Since multi-pens are knock mechanism writing instruments, I had looked to post in the main part of the forum, but didn’t see a category for them… so I’m putting this in Off-Topic.
I really enjoy multi-pens, especially now that some excellent quality D1 refills exist that make writing a pleasure. For the longest time, I was into just PILOT and rOtring for these, but gradually I became familiar with other brands. the Zebra Sharbo in particular. I just love the styling of it, both the LT3 and ST3. But my one key gripe with these is that the sequential deployment of the refills has detents only at extension, and not in between. This is a little sloppy. You get used to it, but… sometimes tips peek out when not wanted. Well, fast-forward and I discovered the Sharbo Surari. The front is an obvious bullet shape… not to my liking as much as the traditional cone… but I discovered something quite pleasing – retraction detents! Yes, there are 6 – one for each refill extension and one for each retraction. It works well. The body of the Surari is also a little more narrow than the LT3 / ST3 bodies.
The Zebra Store on Amazon goofed. The lowest priced model, the blue one ($18 USD), can’t be found if you search for “Sharbo Surari,” because they misspelled it as “Shabo.” Something about the Champagne color really resonated with me and it turned out to be less yellow than in photos (more to my liking), but I had to buy it off of YJP, because it has been out of stock in the USA (I got it for $12 after in-Japan shipping and fees, nicely cheap). This is a really nice multi-pen and the narrow body makes it excellent for portable note taking tasks.
Anyway, it’s an all metal bodied multi-pen without being very heavy (not like a rOtring 3-in-1). The clip is firm and yet flexible enough to be very useful and pocket-safe, with an asymmetrical lined texture design on it. The rear does unscrew to reveal an eraser, just like on all other Sharbos. And lastly, that mechanism. It’s so smooth. No cheap noises. There’s nice tension before sliding into the detent. It definitely exudes quality. The mechanical pencil feed is nicely quiet, though it’s a little mushy like on the 600 Trio. There’s also good tension on extended positions, so you don’t feel tip wobble. Sometimes priced at under $20 USD for some colors, you really can’t go wrong.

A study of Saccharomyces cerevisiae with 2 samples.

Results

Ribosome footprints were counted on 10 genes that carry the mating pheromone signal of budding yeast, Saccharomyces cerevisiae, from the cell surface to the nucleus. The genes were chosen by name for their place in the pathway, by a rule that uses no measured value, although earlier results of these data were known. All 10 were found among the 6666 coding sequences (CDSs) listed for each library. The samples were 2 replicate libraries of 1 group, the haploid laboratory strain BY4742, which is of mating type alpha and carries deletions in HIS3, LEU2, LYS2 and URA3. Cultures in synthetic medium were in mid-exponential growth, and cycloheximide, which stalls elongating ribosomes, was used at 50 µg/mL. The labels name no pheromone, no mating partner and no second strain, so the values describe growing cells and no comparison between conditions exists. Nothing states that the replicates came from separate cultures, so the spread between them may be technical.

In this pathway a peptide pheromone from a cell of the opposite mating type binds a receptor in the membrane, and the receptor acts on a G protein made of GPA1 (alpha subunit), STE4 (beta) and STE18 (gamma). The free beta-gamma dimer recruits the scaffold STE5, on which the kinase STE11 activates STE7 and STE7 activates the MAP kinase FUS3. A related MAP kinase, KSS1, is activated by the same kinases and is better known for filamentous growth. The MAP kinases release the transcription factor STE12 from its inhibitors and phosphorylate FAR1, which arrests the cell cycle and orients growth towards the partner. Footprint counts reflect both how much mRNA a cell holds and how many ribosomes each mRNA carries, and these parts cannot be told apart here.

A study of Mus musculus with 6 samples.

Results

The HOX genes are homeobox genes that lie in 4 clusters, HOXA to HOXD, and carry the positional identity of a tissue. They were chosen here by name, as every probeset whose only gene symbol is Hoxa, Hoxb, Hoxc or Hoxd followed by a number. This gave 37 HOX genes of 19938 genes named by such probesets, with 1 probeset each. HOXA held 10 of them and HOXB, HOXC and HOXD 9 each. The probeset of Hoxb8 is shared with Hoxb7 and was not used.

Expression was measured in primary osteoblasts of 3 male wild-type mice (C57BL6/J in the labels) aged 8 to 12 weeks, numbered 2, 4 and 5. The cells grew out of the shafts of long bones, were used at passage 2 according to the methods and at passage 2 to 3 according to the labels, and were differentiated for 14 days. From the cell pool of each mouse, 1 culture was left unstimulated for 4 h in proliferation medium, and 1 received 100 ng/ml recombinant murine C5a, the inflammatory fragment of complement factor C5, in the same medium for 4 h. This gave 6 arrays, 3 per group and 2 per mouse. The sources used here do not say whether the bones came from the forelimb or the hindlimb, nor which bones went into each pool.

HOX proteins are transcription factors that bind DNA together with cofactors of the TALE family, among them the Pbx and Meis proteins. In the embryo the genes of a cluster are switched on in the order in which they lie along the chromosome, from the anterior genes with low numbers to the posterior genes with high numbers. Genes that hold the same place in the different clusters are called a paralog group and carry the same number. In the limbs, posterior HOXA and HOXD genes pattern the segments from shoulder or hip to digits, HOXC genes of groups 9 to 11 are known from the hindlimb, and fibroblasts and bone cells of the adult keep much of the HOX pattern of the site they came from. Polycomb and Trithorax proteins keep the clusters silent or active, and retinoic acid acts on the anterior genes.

I’ll try to take a group photo of my multi-pens sometime soon and append here.
So enough about Zebra… what of other brands? rOtring is a prolific maker of them and has been doing them since the 1990’s. The 600 Trio is a beast. It’s fat. It’s heavy. And it’s tough. Not really a daily-use kind of instrument unless you like that extra exercise. But the mechanism is excellent. I do like gravity mechanisms, because you know exactly what you’re getting with random access (no wandering around). There must be like 10 variants of the Trio. There’s also a 400 Esprit multi-pen. And likely some others on the cheaper end, made of plastic. My favorite of the Trio line is the one version that came with a rubberized sheath on the metal parts, and a satin finish silver coating on accents. It has a big rocker-style clip for retracting tips. It’s real rubber, not some faux blend that might turn gooey at some later point in time. They fly under the radar and can often be had for relatively cheap prices on the used market.
Aesthetically though, PILOT won me over with their 2+1. Such a nice design, especially the brushed stainless steel version with black etched lines in the grip. The gravity mechanism works just about as well as the rOtring Trio. PILOT abandoned all metal multi-pens, and now makes them mostly out of plastic with some metal parts. The Frixion is actually a very decent 5 refill multi-pen, that’s also available with genuine wood grips. I got one in a pencil lot and was duly surprised by how usable it is, despite that notable girth.
Mitsubishi has a few multi-pens as well, but I believe mostly 1+1 (pen plus pencil). In their Jaguar line they came up with an all steel model, one plain brushed stainless and the other black etched lines. The mechanism is a little finicky, but it parks rather solidly and looks amazing.
LAMY got into this game too, but not much. There’s a 2000 multi-pen, but it’s all D1 ballpoints–no pencil. So that is an immediate disqualification for me. I don’t know if they ever made a 1+1… My memory vaguely recalls a CP1 like model, but I’m not certain.
Last but not least… OHTO. They make a number of multi-pens, some with all plastic bodies but a few with metal bodies. They’re pretty slim and nicely done.
There are other brands… so many I’ve not yet explored. Btw, Sailor made some 1+1 multipens, but it looks like they cheated and rebranded a Mitsubishi 1+1 model.
Anyway, it’s a golden age of multi-pens. There’s just so much choice out there you can be overwhelmed or end up with just too many like me.
So, Knockology folks, please come and share your viewpoints and suggestions on what multi-pens you enjoy. Thanks!